Association of sex and atrial fibrillation therapies with patient-reported outcomes
  1. Kelly Therese Gleason1,
  2. Cheryl Renee Dennison Himmelfarb1,
  3. Daniel Ernest Ford1,
  4. Harold Lehmann1,
  5. Laura Samuel1,
  6. Sandeep Jain2,
  7. Gerald Naccarelli3,
  8. Vikas Aggarwal4,
  9. Saman Nazarian5
  1. 1 School of Nursing, Johns Hopkins University, Baltimore, Maryland, USA
  2. 2 Heart and Vascular Institute, University of Pittsburgh Department of Medicine, Pittsburgh, Pennsylvania, USA
  3. 3 Heart and Vascular Institute, Penn State Health Milton S. Hershey Medical Center, Hershey, Pennsylvania, USA
  4. 4 Division of Cardiology, Department of Internal Medicine, University of Michigan Health System, Ann Harbor, Michigan, USA
  5. 5 Perelman School of Medicine, University of Pennsylvania, Philadelphia, Pennsylvania, USA
  1. Correspondence to Kelly Therese Gleason, School of Nursing, Johns Hopkins University, Baltimore, MD 21218, USA; kgleaso2{at}


Objectives Women report higher atrial fibrillation (AF) symptom severity and receive less AF therapies than their male counterparts. It is understudied if differences in AF therapies received explains sex differences in AF symptom severity. We investigate the impact of sex and AF therapies on patient-reported outcomes.

Methods Participants were recruited (n=953) across four academic medical centres with an AF diagnosis and age ≥18 years. Patient-reported outcomes (AF symptom severity, AF-related quality of life, functional status and emotional status) were determined by biannual surveys. We performed multiple linear regressions on propensity-matched cohorts to determine the association of AF therapies and sex on patient-reported outcomes.

Results Our study population (n=953) was 65% male (n=616), 93% white (n=890) and 72 (±10) years old. Individuals receiving rate control therapy reported comparatively lower AF-related quality of life (−7.22, 95% CI −11.51 to –2.92) and poorer functional status (−3.69, 95% CI −5.27 to –2.12). Individuals receiving rhythm control strategies did not report significantly different patient-reported outcomes. Women were more likely to report poorer functional status (−2.63, 95% CI −3.86 to –1.40) and poorer AF-related quality of life, higher anxiety (2.33, 95% CI 1.07 to 3.59), higher symptoms of depression (1.48, 95% CI 0.31 to 2.65) and AF symptom severity (0.29, 95% CI 0.07 to 0.52).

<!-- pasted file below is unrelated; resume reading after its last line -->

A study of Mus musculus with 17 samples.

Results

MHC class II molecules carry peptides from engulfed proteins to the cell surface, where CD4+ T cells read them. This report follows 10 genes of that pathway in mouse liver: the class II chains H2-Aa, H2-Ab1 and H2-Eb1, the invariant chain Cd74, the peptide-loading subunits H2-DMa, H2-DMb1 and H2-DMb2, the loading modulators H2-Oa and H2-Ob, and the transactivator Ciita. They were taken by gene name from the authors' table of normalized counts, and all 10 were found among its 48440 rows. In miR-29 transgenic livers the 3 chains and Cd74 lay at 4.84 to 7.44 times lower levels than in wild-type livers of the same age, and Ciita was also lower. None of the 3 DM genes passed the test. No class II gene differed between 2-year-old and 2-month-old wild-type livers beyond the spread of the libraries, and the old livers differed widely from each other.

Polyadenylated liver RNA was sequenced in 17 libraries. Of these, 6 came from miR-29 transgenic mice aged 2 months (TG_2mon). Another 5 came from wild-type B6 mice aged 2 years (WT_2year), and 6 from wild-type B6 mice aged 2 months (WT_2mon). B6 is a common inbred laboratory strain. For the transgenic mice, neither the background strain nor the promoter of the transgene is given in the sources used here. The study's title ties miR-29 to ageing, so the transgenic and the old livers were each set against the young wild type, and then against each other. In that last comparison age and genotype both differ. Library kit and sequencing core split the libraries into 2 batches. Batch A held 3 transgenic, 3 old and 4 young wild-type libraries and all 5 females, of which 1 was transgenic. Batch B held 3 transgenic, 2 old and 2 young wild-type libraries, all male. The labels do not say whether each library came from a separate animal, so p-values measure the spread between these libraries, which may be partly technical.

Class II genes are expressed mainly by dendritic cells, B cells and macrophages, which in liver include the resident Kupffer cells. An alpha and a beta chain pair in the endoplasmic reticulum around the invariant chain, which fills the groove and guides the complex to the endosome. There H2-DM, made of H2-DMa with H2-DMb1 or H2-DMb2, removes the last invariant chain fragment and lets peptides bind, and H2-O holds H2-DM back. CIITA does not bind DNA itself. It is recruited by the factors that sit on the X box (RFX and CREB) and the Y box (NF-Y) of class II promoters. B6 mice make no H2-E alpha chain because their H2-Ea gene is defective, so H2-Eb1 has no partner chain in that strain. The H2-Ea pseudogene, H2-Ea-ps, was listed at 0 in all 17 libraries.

Conclusions Female sex was associated with comparatively poorer AF symptom severity and quality of life, and this association remained after accounting for AF therapies received. Receiving rate control medication alone was associated with comparatively poorer AF-related quality of life and functional status.

  • atrial fibrillation
  • electronic medical records
  • health care delivery
  • quality and outcomes of care

  • Funding KTG received support from predoctoral fellowship in Interdisciplinary Training in Cardiovascular Health Research, T32 NR012704, and Predoctoral Clinical Research Training Program, TL1 TR001078. This publication was funded through a Patient-Centered Outcomes Research Institute (PCORI) Award (PCORI CDRN #1306-04912) for development of the National Patient-Centered Clinical Research Network, known as PCORnet.

  • Competing interests SN is a scientific advisor to Biosense Webster, Siemens, Imricor and CardioSolv Inc and principal investigator for research funding to the University of Pennsylvania from Biosense Webster, Siemens and Imricor Inc. SJ receives research support from Medtronic and is a principal investigator for research funding to the University of Pittsburgh from Medtronic, Boston Scientific and St. Jude Medical. GN receives research support from Janssen and serves as a scientific advisor to Janssen, Milestone, Omeicos, Glaxo-Smith-Kline and Aceion.

  • Ethics approval The University of Pittsburgh/University of Pittsburgh Medical Center, Penn State College of Medicine, Temple University Hospital and Johns Hopkins University AF cohort study was approved by the Institutional Review Board (JHU IRB00064600).

  • Provenance and peer review Not commissioned; externally peer reviewed.

  • Patient consent for publication Not required.